Immigrants to Canada have access to one of the world’s most competitive tax regimes for starting a new business. An important advantage enjoyed by business owners is a low tax rate applicable to active business income earned in Canada. This is called the “small business deduction”.
Generally, business income earned in Canada is subject to a general federal tax rate of 15%. In addition, all provinces tax business income at rates ranging from 10 to 16%, depending on the province. As a result, the total combined rate may vary from 25 to 31%, depending on the province. The small business deduction reduces the tax rate applicable to the first $500,000 of business income from 15% to 10.5% at the federal level, and significant reductions also apply to rates charged by provinces.
For example, the combined federal/provincial general tax rate on corporate business income in Ontario is 26.5%, but the combined rate for income qualifying for the small business deduction is reduced to 15%. In Quebec, the rates are reduced from 26.9% to 18.5%. The reduced tax rates for small businesses by province are provided in the table below.
Combined Federal/Provincial Corporate Income Tax Rates
|General Rate||Small Business Rate||Income Eligible for the Small Business Rate|
|Newfoundland & Labrador||30%||13.5%||$500,000|
|Prince Edward Island||31%||15%||$500,000|
Thus, in most cases, the regular rates on the amount of eligible business income are reduced in half for small companies carried on business in Canada. In comparison, in the Unites States a small business will generally pay corporate tax at the rate of approximately 40% and in France at the rate of approximately 35%.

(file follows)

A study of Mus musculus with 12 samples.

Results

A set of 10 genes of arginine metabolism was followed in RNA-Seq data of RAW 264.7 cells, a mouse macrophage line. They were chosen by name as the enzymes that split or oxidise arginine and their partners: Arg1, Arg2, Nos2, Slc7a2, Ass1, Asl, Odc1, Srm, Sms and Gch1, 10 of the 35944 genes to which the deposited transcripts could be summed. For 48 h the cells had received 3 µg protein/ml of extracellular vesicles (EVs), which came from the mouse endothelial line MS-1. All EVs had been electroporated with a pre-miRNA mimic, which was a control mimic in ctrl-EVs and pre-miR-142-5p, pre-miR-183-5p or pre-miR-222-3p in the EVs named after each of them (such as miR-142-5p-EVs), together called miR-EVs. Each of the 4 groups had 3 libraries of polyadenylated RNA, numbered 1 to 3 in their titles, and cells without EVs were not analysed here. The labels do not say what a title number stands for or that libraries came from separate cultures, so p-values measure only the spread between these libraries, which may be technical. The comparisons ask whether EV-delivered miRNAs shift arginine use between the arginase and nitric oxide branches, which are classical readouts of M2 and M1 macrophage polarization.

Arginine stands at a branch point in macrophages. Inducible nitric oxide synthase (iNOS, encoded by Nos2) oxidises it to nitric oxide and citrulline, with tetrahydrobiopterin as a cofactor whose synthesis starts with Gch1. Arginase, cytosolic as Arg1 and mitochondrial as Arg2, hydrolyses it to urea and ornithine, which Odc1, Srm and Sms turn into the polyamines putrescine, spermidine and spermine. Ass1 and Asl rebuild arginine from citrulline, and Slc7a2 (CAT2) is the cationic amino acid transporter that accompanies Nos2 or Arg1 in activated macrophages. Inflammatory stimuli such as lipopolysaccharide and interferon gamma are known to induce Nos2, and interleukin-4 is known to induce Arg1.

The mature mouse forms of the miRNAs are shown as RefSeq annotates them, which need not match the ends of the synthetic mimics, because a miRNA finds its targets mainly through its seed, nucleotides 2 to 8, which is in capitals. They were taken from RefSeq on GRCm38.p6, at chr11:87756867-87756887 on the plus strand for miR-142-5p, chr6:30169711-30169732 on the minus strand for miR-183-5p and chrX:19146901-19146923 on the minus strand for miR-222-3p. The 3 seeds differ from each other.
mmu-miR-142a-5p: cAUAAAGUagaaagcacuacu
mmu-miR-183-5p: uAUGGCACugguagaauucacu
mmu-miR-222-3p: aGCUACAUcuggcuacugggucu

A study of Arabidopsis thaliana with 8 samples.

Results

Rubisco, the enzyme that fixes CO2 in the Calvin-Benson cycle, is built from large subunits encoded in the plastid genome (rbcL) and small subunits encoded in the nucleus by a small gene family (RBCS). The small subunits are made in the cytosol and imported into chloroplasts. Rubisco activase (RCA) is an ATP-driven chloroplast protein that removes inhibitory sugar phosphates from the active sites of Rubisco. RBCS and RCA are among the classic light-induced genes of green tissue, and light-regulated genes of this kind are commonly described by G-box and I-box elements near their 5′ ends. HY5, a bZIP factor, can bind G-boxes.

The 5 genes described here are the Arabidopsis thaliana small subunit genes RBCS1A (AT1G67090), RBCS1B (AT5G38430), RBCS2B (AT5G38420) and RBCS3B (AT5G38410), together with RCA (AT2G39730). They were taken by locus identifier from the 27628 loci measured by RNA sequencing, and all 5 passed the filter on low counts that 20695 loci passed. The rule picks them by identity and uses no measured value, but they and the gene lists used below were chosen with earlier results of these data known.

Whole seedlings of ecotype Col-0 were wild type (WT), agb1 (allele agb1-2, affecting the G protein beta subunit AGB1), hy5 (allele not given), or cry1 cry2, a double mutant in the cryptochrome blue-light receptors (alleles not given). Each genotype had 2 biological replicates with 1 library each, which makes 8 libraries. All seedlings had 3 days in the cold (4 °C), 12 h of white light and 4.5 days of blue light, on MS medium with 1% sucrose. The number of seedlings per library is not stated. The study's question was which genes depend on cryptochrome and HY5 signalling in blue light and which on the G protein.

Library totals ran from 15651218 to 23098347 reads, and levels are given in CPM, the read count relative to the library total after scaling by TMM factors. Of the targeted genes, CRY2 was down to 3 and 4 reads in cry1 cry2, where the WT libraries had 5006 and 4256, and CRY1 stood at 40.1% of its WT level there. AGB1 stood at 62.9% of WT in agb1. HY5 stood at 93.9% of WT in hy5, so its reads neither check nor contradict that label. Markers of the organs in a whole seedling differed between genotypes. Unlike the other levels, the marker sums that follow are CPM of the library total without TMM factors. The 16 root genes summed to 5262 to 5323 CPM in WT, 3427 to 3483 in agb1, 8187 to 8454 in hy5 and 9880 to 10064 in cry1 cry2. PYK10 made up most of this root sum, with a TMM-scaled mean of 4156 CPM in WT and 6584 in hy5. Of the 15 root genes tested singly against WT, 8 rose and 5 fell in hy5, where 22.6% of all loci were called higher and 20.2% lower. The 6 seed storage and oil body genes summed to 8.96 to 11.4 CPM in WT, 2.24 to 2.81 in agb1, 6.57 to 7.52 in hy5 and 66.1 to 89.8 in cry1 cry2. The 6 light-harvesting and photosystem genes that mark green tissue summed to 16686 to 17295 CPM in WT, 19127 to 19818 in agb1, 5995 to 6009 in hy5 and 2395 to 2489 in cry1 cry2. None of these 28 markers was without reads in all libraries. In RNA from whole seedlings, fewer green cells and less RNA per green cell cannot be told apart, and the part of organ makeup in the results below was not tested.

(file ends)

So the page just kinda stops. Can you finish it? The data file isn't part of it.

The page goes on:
|Business Income : $500,000
|Business Income : $500,000
|Business Income: $500,000
|After-tax profit: $367,500||After-tax profit: $300,000||After-tax profit: $325,000|
The low small business tax rate can result in a significant deferral of personal taxes if the money is kept in the business instead of being paid to the owner as a salary, bonus or dividend. The government has provided this incentive to encourage small businesses to reinvest their earnings for business expansion, job creation and investment.
The small business deduction only applies to “small businesses”. The government has set the level at which a private corporate group is no longer considered “small” by using the concept of “taxable capital”. A corporation’s taxable capital essentially consists of its debt and equity, less deductions for certain investment assets. The small business deduction threshold is reduced on a straight-line basis when an associated corporate group’s taxable capital employed in Canada in the preceding year is between $10 million and $15 million, and is completely eliminated when taxable capital exceeds $15 million. For example, if the associate corporate group’s taxable capital is $12.5 million, the reduced tax rates will only apply to the first $250,000 of business income.
Corporations that are controlled by non-residents do not qualify for the reduced tax rates, even if they are small. Therefore, if a Canadian business has several owners, – for example, several family members some of whom may not live in Canada, – it is important to ensure that the control of the business is with Canadian residents in order for the small business deduction to be available.
Investment income earned by a private corporation controlled by Canadian residents does not qualify for the small business deduction and is subject to tax at the rate of 49.67-53.67%, depending on the province.
The small business deduction is especially important to new immigrants as a leading study gives conclusive evidence that immigrants are far more likely to own businesses than their Canadian counterparts, a key component for economic growth. Released in March 2016 and entitled Immigration, Business Ownership and Employment in Canada, the study concludes that ‘rates of private business ownership and unincorporated self-employment are higher among immigrants than among the Canadian-born population’. We know this officially for the first time because data based on immigrant business ownership has only recently become available with the introduction of the Canadian Employer-Employee Dynamics Database, which you can access here.
Intending business immigrants to Canada are advised to review these and other considerations to ensure the best strategic corporate practices.
This article was prepared with the generous assistance of Cragmore (www.cragmore.com), a Canadian law firm specializing in international tax.